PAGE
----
Noble Group's stock fell while its bonds rose yesterday after people familiar with the matter said the embattled commodity trader has approached lenders to replace a credit facility with a new US$2 billion (S$2.8 billion) loan.
Now investor focus shifts to bank support for that lifeline.
Mitsubishi UFJ Financial Group (MUFG) is said to be arranging the new 364-day revolving credit facility, the people said, asking not to be identified because they are not authorised to speak publicly.
Noble chief financial officer Paul Jackaman said last week the company is in talks with lenders over renewing a secured borrowing facility that has been extended to the end of next month. The new loan is to refinance that facility, according to Mr Glenn Ko, head of Asia desk trading strategy at HSBC Holdings.
Noble's stock dropped 2.2 per cent, extending declines for the month to 52 per cent after the company reported last week a net loss of US$129 million in the first quarter. It ended the day at 68 cents.
Noble's 2022 notes rose 3.2 US cents to 55.1 US cents on the US dollar as of 3.50pm in Hong Kong, but they are still down from 98.2 US cents at the start of the month, according to prices compiled by Bloomberg.
Paul Brough, a former KPMG executive, was appointed chairman of Noble last week, taking over from founder Richard Elman. Its credit rating was cut further into junk territory this week.
"The company has always been highlighting strong banking relationships in the past, and even during the tough times they managed to get bank funding," said Mr Raymond Chia, head of credit research for Asia ex-Japan at Schroder Investment Management. "This time round, it could be more uncertain, given that quite a number of things are happening at the same time, including first-quarter losses, new management, timing of those events six weeks after the recent bond sale."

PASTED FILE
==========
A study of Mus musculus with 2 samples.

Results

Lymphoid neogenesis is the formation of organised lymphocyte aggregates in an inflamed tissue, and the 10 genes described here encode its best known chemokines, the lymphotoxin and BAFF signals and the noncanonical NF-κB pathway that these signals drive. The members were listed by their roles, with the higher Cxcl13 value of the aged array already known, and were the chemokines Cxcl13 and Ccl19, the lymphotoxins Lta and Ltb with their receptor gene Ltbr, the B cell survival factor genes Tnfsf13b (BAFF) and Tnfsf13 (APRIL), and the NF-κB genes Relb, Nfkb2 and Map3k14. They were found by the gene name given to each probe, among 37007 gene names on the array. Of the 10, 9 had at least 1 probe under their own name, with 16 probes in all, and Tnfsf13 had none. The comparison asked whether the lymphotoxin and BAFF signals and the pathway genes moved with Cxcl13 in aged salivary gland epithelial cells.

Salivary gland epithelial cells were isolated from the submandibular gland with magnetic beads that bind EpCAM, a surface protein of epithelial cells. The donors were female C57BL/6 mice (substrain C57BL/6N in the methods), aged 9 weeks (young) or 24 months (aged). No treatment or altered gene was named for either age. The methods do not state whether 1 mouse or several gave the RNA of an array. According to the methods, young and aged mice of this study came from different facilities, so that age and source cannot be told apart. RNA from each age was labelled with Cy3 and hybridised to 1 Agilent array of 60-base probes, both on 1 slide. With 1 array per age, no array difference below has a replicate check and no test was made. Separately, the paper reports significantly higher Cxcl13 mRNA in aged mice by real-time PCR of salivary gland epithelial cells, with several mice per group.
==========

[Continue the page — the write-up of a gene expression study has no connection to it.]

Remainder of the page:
A media representative for Noble Group and a spokesman for MUFG were not able to immediately comment when contacted.
"If the banks are comfortable loaning against the trading book, it would be a huge vote of confidence across the whole capital structure," said CreditSights analyst Andy DeVries. "I assume the banks not only have access to more details on the trading book positions than the public does, but they also have experts that specialise in these positions too."
Noble is offering investors 185 basis points over the London Interbank Offered Rate (Libor) on an US$800 million uncommitted tranche and 195 basis points over Libor on the remaining US$1.2 billion committed tranche, the people said. The deal terms may change, given recent downgrades by rating firms, according to the people.
Fitch Ratings cut its credit rating on Noble deeper into junk territory on Tuesday, saying it will need to source external financing in the first half of next year. That came after Moody's Investors Service took a similar step.
Noble's shares are on course for a third straight day of gains, the longest rising streak since March, after losing almost half their value last week.
The fact that there has not been a spike in pricing on the loan is positive, said Mr Todd Schubert, head of fixed-income research at Bank of Singapore. "However, the loan isn't completed and the market will look to see to what extent terms are modified."